From the CONCERN: EAP Resilience Library
Ah, relaxation. It can provide a needed break from stress and anxiety, and yet at the same time thinking about it can touch off those very same feelings. How many times has the phrase “Just relax” triggered the opposite response in you?
Some stress in certain doses can be put to productive use, but if it persists, it can have undesirable side effects. Conversely, relaxation has been shown to promote heart health, a stronger immune system and a clearer mind. So, the ability to initiate a relaxation response in your body and mind can be an important addition to your resilience toolbox.
Think of the relaxation response as your ability to kick start the flow of internal chemicals and signals that help your body and brain to settle down and rejuvenate, while staying alert.
It’s helpful to note that a relaxation response isn’t necessarily achieved by lying on a couch, catching some z’s, or spacing out—though there’s a time and place for that. A true relaxation response is achieved by reaching an active, conscious, and awakened mind state, one that brings feelings of ease and calm.
Relaxation can mean different things for different people and some activities may be calming to one person and energizing to another. A Tense and Release, or Progressive Relaxation Technique can be a useful way to trigger a physical and mental relaxation response for most. It might seem a little counterintuitive, but when you tense and release your muscle groups, they often settle at a lower level of stress than where they started.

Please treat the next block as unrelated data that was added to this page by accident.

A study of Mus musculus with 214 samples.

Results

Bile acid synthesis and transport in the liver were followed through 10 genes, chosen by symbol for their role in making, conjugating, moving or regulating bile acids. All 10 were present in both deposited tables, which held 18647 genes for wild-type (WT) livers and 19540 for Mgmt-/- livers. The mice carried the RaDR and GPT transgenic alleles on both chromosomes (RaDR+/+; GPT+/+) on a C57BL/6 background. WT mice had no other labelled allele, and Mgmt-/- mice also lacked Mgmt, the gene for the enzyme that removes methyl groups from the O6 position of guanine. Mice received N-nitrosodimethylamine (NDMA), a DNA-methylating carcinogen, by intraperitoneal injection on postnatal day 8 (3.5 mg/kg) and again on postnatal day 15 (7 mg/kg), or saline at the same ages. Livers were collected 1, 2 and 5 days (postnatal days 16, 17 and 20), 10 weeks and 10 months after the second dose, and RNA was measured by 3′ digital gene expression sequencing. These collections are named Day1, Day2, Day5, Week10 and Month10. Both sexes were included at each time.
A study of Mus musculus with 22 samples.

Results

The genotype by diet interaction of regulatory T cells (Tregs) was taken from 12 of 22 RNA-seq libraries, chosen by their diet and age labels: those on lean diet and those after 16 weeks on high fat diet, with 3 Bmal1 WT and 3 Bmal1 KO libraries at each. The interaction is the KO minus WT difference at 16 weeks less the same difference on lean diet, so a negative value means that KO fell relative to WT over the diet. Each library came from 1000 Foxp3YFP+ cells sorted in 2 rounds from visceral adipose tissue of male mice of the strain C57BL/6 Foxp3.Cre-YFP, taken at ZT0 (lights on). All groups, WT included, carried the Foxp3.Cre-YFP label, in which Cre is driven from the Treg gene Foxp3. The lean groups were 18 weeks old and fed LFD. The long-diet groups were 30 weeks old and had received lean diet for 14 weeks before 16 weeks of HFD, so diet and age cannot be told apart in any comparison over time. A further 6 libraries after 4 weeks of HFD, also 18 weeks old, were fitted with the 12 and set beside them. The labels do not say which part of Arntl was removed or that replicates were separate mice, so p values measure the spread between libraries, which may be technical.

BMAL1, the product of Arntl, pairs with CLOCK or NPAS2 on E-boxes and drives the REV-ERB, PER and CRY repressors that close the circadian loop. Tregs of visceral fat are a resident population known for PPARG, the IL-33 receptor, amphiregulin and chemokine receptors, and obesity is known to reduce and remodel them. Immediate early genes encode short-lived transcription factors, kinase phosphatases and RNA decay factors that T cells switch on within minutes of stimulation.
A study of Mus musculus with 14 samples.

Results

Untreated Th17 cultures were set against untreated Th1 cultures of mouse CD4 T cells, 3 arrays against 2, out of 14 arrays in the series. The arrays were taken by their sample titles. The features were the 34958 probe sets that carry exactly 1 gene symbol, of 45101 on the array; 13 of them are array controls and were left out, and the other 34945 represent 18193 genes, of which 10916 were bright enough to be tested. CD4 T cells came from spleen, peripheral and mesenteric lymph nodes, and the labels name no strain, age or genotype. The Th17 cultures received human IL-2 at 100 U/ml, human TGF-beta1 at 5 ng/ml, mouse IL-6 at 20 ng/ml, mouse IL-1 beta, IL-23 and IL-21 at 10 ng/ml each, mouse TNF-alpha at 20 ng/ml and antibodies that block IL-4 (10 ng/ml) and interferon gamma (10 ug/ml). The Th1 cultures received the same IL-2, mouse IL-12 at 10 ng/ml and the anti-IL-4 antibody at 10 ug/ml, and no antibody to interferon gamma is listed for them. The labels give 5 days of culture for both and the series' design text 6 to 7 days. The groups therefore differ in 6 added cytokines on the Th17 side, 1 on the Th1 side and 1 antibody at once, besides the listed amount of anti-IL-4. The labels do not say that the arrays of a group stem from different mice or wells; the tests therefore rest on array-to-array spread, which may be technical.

Here’s how to do it:
- Make yourself comfortable, whether sitting in your chair, standing in line, or lying on the floor.
- Feel free to close your eyes.
- Try tensing your whole body for 2 seconds and then releasing that tension. Take a breath. What does the sensation of tension feel like? Are some areas more tense than others?
- Release the tension, letting it dissolve into relaxation.
- Take a breath. What does relaxation feel like?
- Now, starting with your head, continue this cycle with different areas of your body, all the way down to your toes, focusing on any areas that feel particularly tense.
Perform as many repetitions of the tense and release exercise as you like, and over time you’ll be able to adjust the technique to suit time constraints and circumstances. Like all things, the more you practice relaxation, the more adept at it you’ll become, helping you to tackle daily challenges more quickly and with greater ease and calm. Doesn’t that sound relaxing?